The OPAL Experiment was at the CERN Electron-Positron Collider, LEP This experiment provided a comprehensive detector at one of the four interaction points around the 27 km circumference of the underground accelerator. The complete detector has many sub-components each designed and constructed for a particular physics need; particle tracking, identification or energy measurement are examples.
Dr Alex J Martin
(Figures on this page: OPAL Silicon Microvertex detector showing one half cylinder of the two layer detector and an online event display showing typical Z decay in OPAL.)
The Queen Mary group contributed towards many aspects of the design, instrumentation and preparation for the physics experiments. The Group has particular expertise in instrumentation for charged particle tracking, electromagnetic energy measurement and event triggering. Queen Mary Group members have been principal authors of several publications concerning heavy quark physics, and their expertise in secondary vertex tagging was central to studies at the increased energy of LEP 200.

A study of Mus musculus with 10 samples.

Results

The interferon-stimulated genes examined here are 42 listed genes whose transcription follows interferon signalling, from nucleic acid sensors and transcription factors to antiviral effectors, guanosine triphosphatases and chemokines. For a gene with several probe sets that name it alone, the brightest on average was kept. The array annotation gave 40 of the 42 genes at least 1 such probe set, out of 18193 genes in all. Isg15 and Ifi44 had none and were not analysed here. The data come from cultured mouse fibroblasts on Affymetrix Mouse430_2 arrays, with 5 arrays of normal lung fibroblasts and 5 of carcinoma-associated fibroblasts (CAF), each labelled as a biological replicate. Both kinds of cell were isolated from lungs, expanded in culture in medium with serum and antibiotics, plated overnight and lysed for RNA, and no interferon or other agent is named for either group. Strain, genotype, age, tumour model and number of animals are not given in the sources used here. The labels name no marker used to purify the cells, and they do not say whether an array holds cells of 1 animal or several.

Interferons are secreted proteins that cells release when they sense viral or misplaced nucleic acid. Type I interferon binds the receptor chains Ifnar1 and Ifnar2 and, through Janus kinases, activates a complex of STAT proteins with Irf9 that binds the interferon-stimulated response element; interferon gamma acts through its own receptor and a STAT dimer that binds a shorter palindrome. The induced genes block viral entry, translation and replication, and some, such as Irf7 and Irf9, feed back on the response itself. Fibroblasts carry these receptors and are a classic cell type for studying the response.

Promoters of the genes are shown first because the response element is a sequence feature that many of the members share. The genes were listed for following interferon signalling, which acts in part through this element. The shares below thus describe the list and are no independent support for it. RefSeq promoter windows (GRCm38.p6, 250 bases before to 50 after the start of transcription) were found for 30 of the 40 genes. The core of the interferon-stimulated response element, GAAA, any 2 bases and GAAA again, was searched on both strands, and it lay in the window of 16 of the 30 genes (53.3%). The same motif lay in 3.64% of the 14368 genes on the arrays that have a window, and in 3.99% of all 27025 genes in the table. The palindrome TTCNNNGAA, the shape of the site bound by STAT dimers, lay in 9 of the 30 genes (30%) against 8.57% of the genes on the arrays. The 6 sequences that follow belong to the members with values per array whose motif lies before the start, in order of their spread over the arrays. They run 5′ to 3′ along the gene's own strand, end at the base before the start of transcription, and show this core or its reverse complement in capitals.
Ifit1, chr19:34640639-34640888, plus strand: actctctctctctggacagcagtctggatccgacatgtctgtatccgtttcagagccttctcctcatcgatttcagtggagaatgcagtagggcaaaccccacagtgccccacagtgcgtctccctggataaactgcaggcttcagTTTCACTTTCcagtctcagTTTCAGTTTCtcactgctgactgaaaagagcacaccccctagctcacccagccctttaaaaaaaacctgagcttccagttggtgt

The original OPAL detector was upgraded by the addition of a silicon microstrip tracking device, whose development was spearheaded by Queen Mary physicists, capable of detecting the position of a particle to a precision of a few microns.
The OPAL experiment and the LEP collider started operation in 1989. Data taking finally ended on November 2, 2000. The physics analysis of OPAL data continues to this day to probe the understanding of forces of nature and to search for new phenomena.